According to a report issued by the U.S. Government Accountability Office, 1.6 million U.S. businesses owe the IRS more than $58 billion in payroll taxes, penalties, and interest. Is your business one of them? These owed payroll taxes account for around 20% of all owed taxes so far this year. And around 25% of payroll taxes owed are from businesses that haven't paid payroll taxes for more than three years.
In a down economy, IRS is slower to collect money from taxpayers. Thus, it's often more tempting for a business to pay for their products, rent or electricity before their taxes. In fact, it's not unusual for a business to owe a couple hundred thousand dollars in payroll taxes. Taxes are often the first thing businesses stop paying for. But if you don't pay payroll taxes, don't be surprised if six to nine months later, the IRS appears on your doorstep. When the Revenue Officer appears on your doorstep, know that they are looking out for the IRS' interests. Do you know how to look out for your own?
Many times, large payroll tax problems start small. They begin when a business starts missing an increasing number of payroll tax deposits until they stop filing them altogether because of fear that if they file one, the IRS will notice ones that they've missed. Even though you shouldn't miss any payroll tax payments, if you do start missing them, contact a tax professional right away to get the problem stopped and get on your way to getting the owed taxes repaid.
When an employer gives paychecks to employees, that employer is a trustee for the United States government. Payroll taxes are known as "trust fund taxes" and belong to the U.S. government. Employers should not use payroll taxes to pay for salaries or other expenses, yet sometimes this happens. When an employer does not pay withheld payroll taxes, that is, an employee's federal income tax and share of Medicare and FICA to the U.S. government, a penalty known as a Trust Fund Recovery Penalty (TFRP) equal to all of the owed trust fund taxes is assessed by the IRS on those responsible who willfully do not account for, collect, or pay the taxes after these individuals have gone through a 4180 Interview.
Taxpayers who owe payroll taxes need to meet with the IRS officer for the 4180 Interview. During the interview, the IRS will try to find out who is responsible for the debt. The IRS can collect payroll taxes from anyone that they believe is responsible for not paying taxes. The IRS can single out the business owner or a business bank account check signer to collect money from. Individuals can be held personally liable. If the IRS decides that a business cannot pay its past due payroll taxes, they go after individuals who they believe to be responsible for the unpaid taxes. The business or individuals responsible are assessed a Trust Fund Recovery Penalty. If you find yourself with a Trust Fund Recovery Penalty, you'll need to hire a firm that can help with this type of tax problem. If you have a business in Montana, North Dakota, South Dakota, or Wyoming, consider Billings, Montana-based Centsable Accounting.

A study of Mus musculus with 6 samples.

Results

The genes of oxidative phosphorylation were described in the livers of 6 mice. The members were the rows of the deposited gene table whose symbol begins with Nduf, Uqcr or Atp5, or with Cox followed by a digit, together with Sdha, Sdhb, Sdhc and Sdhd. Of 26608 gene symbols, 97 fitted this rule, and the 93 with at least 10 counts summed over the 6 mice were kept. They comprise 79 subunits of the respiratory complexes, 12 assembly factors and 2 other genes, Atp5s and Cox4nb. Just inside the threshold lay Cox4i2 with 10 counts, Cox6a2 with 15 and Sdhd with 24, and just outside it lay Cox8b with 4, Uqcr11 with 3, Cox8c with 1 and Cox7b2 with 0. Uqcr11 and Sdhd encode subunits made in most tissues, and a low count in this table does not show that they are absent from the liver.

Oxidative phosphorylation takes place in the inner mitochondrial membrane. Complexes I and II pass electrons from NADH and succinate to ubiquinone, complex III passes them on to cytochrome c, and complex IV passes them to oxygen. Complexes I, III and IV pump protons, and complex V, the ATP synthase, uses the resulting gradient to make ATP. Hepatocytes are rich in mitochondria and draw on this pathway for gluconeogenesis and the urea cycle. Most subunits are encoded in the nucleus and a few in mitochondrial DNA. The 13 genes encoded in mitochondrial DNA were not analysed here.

A trust fund recovery penalty is a penalty for 100% of the payroll taxes owed plus interest for not paying the payroll taxes. The trust fund recovery penalty may be appealed by the taxpayer or paid. The penalty may be paid by the taxpayer, other people responsible for not paying the payroll taxes, through an installment agreement, or through an offer in compromise. If individuals responsible cannot pay the TFRP upfront, the IRS has multiple methods they may use to collect the unpaid taxes
The IRS may collect the Trust Fund Recovery Penalty from individuals responsible by:
•Garnishing pension retirement payments
•Seizing IRA assets
•Collecting after a bankruptcy is finalized
•Seizing and selling taxpayer's property up to the amount of the unpaid taxes
•Seizing estate assets of a person responsible who dies before the payroll tax issue is resolved
The IRS may collect the entire payroll tax amount at the same time from every single person responsible. However, the IRS will only keep 100% of the payroll taxes and interest owed. There's a statute of limitations when all people responsible can file a refund claim. The IRS keeps excess payments until the statute of limitations is over and then issues refunds.
Different states have specific policies on payroll taxes, especially for employees working within and outside the state. Montana employers paying wages, for example, need to withhold the Montana state tax. Nonresident Montana employers need to withhold tax from wages for services that are provided within Montana. The state of Montana has a reciprocal agreement with the state of North Dakota where Montana employers don't need to withhold Montana income tax from employees that live in North Dakota. States are different so be sure to check with a tax professional if you have a question about when and when not to withhold payroll taxes.